Duties and responsibilities
Clinic held liable for a sexual assault
An article for physicians by CMPA General Counsel
Originally published December 2005 / Revised April 2008
Ontario court decides that a medical clinic is liable for sexual assault committed by a technologist, who was an employee of the medical clinic.
Of interest to physicians whose employees have direct patient contact
A young woman attended a private ultrasound clinic owned and operated by a radiologist. The clinic employed a qualified ultrasound technologist who tested and examined the patient. At that time the clinic was being renovated, which meant ultrasound patients had to change behind a curtain. The ultrasound technologist took advantage of this set-up to surreptitiously videotape the patient while she robed and disrobed. He also performed an unnecessary and inappropriate examination. The technologist, who was not assisted by the CMPA, was charged by police and convicted of criminal assault, sexual assault and mischief.
The patient then brought a civil action against the technologist and the clinic. At trial, both the technologist and the clinic, which was assisted by the CMPA because it met the guiding principles for assistance to clinics and facilities, were found liable for damages arising from negligence and the sexual assault. The clinic was also found vicariously liable for the sexual assault committed by the technologist. The CMPA supported an appeal of this decision.
The appeal focused primarily on the finding of vicarious liability. Counsel for the clinic argued that the existing cases, where vicarious liability for sexual assault had been imposed in non-medical situations, should not be extended to the medical context.
Vicarious liability is the legal principle that provides that an employer can be held financially responsible for the negligence of an employee. An employment relationship must have existed at the time of the incident, and the defendant employee must have been sued for work done within the scope of his or her employment.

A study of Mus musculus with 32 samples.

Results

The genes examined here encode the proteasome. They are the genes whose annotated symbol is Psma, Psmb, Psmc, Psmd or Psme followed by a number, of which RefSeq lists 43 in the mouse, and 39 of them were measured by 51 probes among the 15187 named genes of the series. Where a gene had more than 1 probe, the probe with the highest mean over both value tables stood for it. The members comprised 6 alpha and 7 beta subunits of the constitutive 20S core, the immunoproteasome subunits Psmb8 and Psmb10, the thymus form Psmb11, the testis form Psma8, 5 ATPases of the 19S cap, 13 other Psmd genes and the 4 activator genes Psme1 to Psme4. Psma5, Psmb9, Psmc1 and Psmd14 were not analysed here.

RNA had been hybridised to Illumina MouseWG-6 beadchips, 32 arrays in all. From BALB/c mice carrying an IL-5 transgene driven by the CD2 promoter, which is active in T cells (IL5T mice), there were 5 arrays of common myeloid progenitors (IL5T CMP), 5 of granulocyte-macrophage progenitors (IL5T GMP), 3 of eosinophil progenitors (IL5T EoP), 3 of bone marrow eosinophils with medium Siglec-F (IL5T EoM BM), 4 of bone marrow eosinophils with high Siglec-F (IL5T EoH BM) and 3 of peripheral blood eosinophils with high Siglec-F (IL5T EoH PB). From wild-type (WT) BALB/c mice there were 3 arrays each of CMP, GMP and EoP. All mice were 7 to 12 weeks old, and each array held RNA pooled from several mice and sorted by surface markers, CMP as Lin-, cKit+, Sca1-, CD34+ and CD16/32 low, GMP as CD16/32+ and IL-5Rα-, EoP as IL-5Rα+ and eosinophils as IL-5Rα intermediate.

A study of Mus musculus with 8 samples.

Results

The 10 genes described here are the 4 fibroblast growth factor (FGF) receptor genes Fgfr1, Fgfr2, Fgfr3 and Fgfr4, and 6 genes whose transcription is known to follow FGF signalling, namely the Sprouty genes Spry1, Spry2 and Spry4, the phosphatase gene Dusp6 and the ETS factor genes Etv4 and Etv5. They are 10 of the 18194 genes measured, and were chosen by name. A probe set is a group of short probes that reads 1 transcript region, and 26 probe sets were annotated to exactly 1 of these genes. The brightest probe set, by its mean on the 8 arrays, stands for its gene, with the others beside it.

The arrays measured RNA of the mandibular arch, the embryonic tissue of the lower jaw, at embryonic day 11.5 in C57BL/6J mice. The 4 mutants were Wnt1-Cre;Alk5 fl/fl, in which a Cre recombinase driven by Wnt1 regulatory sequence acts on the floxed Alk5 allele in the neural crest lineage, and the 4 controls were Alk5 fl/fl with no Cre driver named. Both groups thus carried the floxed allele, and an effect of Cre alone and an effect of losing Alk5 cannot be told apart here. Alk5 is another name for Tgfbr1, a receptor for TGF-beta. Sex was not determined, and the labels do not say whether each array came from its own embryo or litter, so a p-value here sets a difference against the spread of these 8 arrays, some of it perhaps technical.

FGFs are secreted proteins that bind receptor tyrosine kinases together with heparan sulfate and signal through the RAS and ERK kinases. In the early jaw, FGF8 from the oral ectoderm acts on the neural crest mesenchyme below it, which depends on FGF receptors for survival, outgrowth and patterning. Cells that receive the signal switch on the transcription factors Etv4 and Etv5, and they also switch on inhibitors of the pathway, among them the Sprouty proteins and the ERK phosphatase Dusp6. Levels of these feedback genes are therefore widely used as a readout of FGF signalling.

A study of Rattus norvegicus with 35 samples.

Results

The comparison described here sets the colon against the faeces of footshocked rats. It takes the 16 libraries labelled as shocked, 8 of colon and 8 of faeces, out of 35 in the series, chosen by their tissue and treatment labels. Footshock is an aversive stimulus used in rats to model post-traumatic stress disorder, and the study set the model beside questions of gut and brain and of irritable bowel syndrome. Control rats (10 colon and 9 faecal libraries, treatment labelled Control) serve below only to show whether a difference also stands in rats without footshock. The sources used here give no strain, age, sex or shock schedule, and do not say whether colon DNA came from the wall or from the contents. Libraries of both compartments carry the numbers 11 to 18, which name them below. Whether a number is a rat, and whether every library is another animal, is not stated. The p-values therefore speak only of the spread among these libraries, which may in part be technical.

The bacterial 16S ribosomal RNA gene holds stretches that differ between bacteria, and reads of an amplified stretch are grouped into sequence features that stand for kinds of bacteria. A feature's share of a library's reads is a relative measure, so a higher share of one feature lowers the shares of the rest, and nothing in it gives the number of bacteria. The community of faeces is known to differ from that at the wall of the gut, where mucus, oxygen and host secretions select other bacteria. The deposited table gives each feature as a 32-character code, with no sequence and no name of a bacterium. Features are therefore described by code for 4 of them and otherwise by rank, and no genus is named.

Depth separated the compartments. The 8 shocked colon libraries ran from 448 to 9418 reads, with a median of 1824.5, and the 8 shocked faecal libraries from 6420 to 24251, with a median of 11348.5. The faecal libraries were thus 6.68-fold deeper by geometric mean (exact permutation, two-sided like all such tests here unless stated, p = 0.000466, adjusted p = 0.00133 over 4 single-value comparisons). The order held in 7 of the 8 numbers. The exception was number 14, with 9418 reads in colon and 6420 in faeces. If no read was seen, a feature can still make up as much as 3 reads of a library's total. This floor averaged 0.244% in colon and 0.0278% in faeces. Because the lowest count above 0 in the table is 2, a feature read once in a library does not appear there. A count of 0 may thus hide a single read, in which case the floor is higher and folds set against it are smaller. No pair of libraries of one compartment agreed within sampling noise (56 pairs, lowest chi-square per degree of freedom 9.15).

The Ontario court held that the clinic was liable for the acts of the technologist-employee. It took the view that "the clinic's enterprise and empowerment of the employee materially increased the risk of sexual assault" and that "the business of the clinic and the authority given to [the technologist] by the clinic created a serious risk of sexual assault to patients."
The bottom line
The Ontario court's decision is important because it extends an employer's liability for the negligence of an employee to now include acts of sexual assault committed by an employee of a medical clinic.
When giving employees responsibility in working with patients, think about the potential risk to your patients of assault and take appropriate and reasonable steps to reduce that risk. Guidelines issued by licensing authorities and other professional organizations should be considered. In this case, the trial judge suggested steps that could also be considered to assist in minimizing the risk of sexual assault in similar settings: random spot checks, basic sensitivity training courses for staff, separate changing rooms, and the availability of a female staff member to accompany a female patient during part of an examination, upon request. Taking measures such as these could reduce a clinic's risk of exposure to liability by demonstrating that the clinic took reasonable steps to minimize the risk of harm to patients.